Posterior reversible encephalopathy syndrome
|Posterior reversible encephalopathy syndrome|
|Classification and external resources|
Posterior reversible encephalopathy syndrome (PRES), also known as reversible posterior leukoencephalopathy syndrome (RPLS), is a syndrome characterized by headache, confusion, seizures and visual loss. It may occur due to a number of causes, predominantly malignant hypertension, eclampsia and some medical treatments. On magnetic resonance imaging (MRI) of the brain, areas of edema (swelling) are seen. The symptoms tend to resolve after a period of time, although visual changes sometimes remain. It was first described in 1996.
Several factors appear to play a role in the pathogenesis of PRES, including immunosuppressive therapy, renal failure, eclampsia, severe high blood pressure, and lupus. Low magnesium levels can augment PRES.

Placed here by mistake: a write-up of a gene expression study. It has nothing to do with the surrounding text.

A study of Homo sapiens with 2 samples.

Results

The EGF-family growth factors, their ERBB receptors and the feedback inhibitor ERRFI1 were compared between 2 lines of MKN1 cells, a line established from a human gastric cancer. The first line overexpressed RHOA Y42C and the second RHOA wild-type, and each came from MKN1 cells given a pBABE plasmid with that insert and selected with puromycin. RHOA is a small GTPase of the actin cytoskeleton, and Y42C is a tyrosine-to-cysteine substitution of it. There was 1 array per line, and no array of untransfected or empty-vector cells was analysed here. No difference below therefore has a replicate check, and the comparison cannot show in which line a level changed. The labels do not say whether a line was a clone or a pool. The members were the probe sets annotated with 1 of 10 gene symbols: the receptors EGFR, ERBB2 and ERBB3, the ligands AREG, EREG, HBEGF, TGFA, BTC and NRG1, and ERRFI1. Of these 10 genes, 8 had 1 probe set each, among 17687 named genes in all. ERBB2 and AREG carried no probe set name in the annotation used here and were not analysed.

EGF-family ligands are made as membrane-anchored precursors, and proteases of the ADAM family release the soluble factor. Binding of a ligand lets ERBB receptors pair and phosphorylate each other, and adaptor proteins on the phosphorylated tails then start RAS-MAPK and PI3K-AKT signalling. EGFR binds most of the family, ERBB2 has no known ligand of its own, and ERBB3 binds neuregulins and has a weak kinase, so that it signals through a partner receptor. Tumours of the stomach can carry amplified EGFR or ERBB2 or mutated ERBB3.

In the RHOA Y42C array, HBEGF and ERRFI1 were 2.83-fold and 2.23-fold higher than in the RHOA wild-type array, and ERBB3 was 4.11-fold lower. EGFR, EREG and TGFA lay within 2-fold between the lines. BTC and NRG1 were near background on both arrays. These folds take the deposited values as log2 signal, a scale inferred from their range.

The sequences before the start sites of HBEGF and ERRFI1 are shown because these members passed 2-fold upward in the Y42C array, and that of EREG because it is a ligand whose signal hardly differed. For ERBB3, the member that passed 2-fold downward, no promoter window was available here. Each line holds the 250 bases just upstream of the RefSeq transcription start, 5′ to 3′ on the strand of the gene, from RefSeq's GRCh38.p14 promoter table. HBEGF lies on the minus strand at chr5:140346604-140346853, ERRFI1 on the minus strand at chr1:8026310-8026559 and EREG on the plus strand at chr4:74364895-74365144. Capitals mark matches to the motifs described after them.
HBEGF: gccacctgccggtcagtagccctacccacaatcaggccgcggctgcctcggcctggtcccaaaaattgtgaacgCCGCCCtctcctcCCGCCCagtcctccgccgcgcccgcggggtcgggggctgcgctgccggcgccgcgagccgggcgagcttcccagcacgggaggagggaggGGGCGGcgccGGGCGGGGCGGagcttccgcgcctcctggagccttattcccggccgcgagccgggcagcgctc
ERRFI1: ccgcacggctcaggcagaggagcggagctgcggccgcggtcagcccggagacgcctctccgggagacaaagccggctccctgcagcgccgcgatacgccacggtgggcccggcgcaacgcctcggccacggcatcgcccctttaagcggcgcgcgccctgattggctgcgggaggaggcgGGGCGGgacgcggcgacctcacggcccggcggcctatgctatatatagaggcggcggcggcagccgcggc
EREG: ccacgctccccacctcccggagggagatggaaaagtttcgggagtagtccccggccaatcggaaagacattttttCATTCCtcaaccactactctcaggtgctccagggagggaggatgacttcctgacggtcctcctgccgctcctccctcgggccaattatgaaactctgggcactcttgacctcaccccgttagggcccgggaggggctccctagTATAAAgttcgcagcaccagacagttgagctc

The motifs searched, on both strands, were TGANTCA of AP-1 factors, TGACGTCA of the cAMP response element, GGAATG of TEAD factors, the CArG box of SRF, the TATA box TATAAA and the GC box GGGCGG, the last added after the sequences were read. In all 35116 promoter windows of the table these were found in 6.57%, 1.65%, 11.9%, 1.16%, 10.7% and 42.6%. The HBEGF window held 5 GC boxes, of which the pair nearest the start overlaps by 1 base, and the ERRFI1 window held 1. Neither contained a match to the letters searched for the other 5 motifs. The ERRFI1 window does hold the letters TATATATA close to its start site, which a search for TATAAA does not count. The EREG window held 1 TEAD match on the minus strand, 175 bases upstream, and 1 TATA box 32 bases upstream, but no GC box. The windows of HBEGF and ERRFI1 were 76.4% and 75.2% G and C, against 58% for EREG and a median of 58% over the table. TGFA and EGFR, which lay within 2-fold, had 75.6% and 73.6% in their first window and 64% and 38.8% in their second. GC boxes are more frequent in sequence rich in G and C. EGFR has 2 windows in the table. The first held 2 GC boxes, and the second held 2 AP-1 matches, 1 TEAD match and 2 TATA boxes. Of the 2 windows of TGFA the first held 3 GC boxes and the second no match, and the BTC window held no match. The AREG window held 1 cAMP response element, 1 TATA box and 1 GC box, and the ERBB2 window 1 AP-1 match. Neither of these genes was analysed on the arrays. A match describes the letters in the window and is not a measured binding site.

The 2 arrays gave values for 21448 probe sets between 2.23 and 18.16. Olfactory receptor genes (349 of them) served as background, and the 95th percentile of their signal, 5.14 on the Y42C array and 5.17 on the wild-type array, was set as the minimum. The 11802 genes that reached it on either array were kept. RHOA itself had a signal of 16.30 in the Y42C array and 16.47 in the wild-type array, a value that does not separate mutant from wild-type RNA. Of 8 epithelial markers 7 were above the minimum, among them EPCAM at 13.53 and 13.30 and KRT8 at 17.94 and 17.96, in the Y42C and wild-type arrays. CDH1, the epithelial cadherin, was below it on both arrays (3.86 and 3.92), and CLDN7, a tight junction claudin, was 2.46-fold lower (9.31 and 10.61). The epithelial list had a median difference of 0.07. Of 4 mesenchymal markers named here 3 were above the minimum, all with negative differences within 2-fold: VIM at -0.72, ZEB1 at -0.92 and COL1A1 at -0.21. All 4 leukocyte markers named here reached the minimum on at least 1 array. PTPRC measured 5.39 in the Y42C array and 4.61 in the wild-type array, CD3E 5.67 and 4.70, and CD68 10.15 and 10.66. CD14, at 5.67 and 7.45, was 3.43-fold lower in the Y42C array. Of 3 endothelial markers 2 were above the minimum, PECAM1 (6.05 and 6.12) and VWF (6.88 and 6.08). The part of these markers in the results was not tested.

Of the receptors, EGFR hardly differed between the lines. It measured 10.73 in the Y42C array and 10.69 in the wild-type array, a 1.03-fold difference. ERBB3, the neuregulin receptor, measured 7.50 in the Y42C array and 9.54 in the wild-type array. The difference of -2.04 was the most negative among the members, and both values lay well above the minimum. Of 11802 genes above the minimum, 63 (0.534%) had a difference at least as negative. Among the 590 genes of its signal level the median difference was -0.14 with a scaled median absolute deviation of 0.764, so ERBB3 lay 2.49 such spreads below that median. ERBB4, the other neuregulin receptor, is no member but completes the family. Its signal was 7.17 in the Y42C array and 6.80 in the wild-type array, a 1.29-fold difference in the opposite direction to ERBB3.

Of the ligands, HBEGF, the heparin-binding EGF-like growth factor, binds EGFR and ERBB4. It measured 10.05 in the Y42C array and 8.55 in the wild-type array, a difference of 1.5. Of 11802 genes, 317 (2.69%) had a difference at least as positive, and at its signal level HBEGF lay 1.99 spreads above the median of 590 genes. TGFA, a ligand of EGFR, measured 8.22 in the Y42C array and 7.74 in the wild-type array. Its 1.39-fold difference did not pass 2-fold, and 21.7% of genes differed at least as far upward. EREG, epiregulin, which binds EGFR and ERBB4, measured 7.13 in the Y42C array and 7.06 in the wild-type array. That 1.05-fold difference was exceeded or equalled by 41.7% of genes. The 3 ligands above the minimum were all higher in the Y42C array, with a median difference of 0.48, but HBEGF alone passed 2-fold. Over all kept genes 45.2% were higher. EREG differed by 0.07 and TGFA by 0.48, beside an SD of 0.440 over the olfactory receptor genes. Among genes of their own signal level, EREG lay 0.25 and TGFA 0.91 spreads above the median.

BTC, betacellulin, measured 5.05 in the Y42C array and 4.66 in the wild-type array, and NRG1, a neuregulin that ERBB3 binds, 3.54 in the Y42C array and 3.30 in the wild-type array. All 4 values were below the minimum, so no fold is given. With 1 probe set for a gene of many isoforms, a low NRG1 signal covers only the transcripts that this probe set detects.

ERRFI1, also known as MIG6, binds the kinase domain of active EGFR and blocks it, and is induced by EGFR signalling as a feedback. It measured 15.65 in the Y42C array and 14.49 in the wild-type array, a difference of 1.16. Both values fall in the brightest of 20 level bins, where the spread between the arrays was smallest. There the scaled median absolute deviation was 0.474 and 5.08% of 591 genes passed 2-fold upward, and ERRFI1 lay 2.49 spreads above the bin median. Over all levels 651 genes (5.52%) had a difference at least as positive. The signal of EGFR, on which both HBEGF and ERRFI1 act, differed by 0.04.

Signs and symptoms
The diagnosis is typically made clinically, with supportive findings on magnetic resonance imaging of the brain; this may show hyperintensities on T2-weighed imaging. Three different patterns have been described on MRI imaging. Cerebral angiography may provide a more definite diagnosis.
The treatment of PRES depends on the underlying cause. For instance, if the main problem is high blood pressure, blood pressure control will accelerate the resolution of the abnormalities. If the likely cause is medication, the withdrawal of the drug in question is needed.
Many cases resolve within 1–2 weeks of controlling the blood pressure and eliminating the enciting factor. However, long-lasting or even permanent neurologic dysfunction may remain. Though uncommon, death may occur with progressive swelling of the brain (cerebral edema) or a bleed in the brain (intracerebral hemorrhage).
The incidence of PRES is not currently known. Case reports suggest that there is no age predilection, with cases reported in people ages 2 to 90 years old. It may be somewhat more common in females.